Item 1538 Australia airmail ephemera
SEASON TICKET for AIR MAIL EXHIBITION Melbourne 5-7 Oct 1937. Price 2sh6d, green on pink. VF. Beautiful collateral item for the Airmail collector …. Est 100.00+ Vance Auctions Dec. 2, 2020
This small slip of paper will be ignored by a lot of people which means they’ll be missing a true aerophilately gem. The $100 value doesn’t do justice to its historical value
Australian airmail and aviation legacy runs deep
The 1937 exhibition rang a bell. I remembered seeing references to it in past airmail studies. A quick search verified how important this item is. Between Oct 6-8, 1937, Melbourne City Hall hosted a 3 day aerophilately exhibition. One wonderful thing about the internet is the relative ease in finding original documents. My search through the Victoria government archives uncovered the event calendar.
The 38-page catalogue represents a timeline of early Australian airmail and aviation pioneers.
Aviation has made remarkable progress within a comparatively brief period and the many and varied exhibits, posters, charts and photographs illustrative of the many aspects of transportation by air makes it difficult for one to realise that the first Melbourne to Sidney air mail was carried in 1914 – twenty three years ago. – p. 18 Catalogue of the Air Mail Exhibition
The Bonney Boomerang – Maude Rose “Lores” Bonney OBE
One of the big draws at this exhibition was autographed covers flown by the Bonney Boomerang. Maude Rose Bonney was the first female to fly solo from Australia to the United Kingdom. She’s relatively unknown today, but she was a contemporary of Emelia Earhart and beat her in this race, She completed the 157-hour flight in 1933 and carried a limited number of covers with her. She posted them along the route and the catalogue lays out what autographed covers were on offer:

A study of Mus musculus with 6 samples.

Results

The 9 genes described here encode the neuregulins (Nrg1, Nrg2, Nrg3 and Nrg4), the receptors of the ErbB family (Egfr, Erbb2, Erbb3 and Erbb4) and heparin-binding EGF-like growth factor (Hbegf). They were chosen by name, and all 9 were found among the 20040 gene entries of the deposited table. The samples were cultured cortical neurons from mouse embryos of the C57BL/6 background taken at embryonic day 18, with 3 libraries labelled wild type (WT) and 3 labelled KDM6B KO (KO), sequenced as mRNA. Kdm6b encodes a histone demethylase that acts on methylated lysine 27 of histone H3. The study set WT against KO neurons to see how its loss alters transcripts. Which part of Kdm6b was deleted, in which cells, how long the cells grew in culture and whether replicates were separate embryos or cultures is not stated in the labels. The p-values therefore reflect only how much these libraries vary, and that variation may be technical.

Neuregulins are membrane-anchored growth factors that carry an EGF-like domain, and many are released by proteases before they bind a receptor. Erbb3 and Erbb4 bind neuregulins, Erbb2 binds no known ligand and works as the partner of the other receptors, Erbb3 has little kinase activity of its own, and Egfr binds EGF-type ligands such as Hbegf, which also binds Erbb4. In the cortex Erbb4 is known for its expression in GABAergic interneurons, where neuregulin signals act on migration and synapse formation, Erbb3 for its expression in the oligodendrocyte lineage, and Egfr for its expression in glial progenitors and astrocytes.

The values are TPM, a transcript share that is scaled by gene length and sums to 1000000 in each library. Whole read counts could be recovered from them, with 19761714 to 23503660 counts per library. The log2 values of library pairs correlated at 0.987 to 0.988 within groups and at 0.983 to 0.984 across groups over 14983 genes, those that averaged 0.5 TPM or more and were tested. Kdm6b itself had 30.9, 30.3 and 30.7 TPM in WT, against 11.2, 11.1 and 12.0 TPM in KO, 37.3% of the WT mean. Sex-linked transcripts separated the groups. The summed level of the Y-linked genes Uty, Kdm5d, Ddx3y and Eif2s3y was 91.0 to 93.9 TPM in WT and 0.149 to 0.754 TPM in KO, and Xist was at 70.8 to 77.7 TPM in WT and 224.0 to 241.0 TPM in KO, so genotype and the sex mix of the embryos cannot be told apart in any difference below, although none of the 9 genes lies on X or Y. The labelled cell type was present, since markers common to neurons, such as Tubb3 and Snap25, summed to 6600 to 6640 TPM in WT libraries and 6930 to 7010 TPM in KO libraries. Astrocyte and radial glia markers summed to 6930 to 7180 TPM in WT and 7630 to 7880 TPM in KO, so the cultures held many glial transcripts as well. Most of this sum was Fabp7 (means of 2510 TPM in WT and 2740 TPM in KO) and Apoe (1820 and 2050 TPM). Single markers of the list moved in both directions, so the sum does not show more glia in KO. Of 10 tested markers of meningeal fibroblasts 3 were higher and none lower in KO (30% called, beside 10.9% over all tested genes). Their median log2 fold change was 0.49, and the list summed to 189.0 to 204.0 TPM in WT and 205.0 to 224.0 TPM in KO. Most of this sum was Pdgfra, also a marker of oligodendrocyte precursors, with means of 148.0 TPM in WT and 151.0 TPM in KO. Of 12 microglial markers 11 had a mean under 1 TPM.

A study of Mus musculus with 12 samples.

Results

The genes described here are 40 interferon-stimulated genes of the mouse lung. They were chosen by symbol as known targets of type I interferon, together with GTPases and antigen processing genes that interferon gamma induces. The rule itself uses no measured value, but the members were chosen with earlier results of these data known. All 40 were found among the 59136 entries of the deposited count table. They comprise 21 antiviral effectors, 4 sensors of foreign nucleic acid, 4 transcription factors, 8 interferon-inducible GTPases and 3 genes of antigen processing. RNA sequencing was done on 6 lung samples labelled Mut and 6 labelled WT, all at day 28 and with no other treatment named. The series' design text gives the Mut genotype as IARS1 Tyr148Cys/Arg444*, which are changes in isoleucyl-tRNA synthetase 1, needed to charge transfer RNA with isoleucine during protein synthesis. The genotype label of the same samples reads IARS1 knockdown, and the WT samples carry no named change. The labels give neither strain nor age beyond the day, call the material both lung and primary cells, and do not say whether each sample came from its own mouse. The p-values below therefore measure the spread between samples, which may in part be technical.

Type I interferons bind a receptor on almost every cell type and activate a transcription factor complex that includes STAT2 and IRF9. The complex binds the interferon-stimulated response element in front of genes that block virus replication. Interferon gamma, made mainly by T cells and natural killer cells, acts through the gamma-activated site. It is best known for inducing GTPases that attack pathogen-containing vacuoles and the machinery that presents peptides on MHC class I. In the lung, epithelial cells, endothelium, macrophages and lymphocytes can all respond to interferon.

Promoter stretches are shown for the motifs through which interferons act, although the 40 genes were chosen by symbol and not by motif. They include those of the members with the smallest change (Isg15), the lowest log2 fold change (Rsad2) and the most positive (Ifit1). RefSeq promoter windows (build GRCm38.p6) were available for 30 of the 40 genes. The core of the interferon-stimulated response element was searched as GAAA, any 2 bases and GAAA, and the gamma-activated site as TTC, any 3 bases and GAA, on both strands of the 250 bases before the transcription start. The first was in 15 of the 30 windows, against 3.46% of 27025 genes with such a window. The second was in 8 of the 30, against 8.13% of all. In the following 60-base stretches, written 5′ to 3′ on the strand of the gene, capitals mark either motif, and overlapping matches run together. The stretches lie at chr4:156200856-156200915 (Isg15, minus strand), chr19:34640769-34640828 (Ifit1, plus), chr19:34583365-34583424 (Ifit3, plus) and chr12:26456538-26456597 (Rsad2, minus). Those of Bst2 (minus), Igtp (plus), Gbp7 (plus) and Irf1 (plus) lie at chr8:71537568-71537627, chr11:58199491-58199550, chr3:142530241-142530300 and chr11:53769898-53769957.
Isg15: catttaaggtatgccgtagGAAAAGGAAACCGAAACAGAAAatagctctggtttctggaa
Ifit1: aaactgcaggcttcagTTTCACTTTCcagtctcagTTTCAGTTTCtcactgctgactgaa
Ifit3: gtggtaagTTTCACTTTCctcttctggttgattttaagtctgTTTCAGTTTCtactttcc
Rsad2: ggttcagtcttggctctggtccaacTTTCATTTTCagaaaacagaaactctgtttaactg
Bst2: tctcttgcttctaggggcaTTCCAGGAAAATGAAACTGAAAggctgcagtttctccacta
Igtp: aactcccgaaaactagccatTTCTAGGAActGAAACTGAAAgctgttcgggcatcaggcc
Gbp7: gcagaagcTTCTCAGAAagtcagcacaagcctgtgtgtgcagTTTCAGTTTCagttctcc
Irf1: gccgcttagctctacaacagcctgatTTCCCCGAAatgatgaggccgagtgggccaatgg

Stamp dealers & their catalogues
Another fascinating aspect of this exhibition were the dealer advertisements. A couple are legendary. WM Ackland issued his own catalogues, some of which can be found for sale online. Many old catalogues are still reliable references for collectors. They are an inexpensive way to acquire quality information about stamps and covers. Modern catalogues are expensive and far out of reach for many stamp collectors. Monetary values are out of date, but those are easy to find online.
Sanabria – the best airmail catalogues around
Another renowned seller was Nicholas Sanabria. He took out a full-page ad in the catalogue promoting the 2nd printing of his specialty airmail catalogue Standard Catalogue of Air Posts Stamps.
Sanabria specialised in aerophilately and his catalogues, though out of print for decades, are still invaluable for any airmail collector. The level of detail offered in his catalogues is excellent. A hard cover first edition can be had for as little as $12. It’s worth the investment if you specialise in aerophilately. I often refer to them when I need specialised details that are lacking in Scott or Stanely Gibbons editions.
Explaining Aerophilately & classification
The exhibition catalogue goes on to explain, in depth what Aerophilately is and the various classifications within the field. If you’re new to airmail collecting, print out the page below and keep it for reference. The classification system laid out is still in use today and a wonderful way to organise your collection. You’ll be hard put to find a better write-up.
If you get a copy of the exhibition catalogue, check out page 14, which breaks down the categories in greater detail. It’s a handy resource for all airmail collectors to have on file. I’ve barely scratched the surface on this event, and a thorough examination of the 1937 catalogue will uncover much more historical value for Australian history fans.
This old season ticket is an Australian airmail treasure. If you specialise in Australian philately or airmail, you might want to check out the auction here, https://www.vanceauctions.com/
Quick note on the catalogue:
I originally found the exhibition catalogue at the State Library Victoria, but when I went to verify the link for this article, it was no longer available. If it reappears, I’ll add a link. I downloaded the catalogue in pdf form when I began researching the ticket, so if you want a copy, drop me a line below and I’ll send it along to you.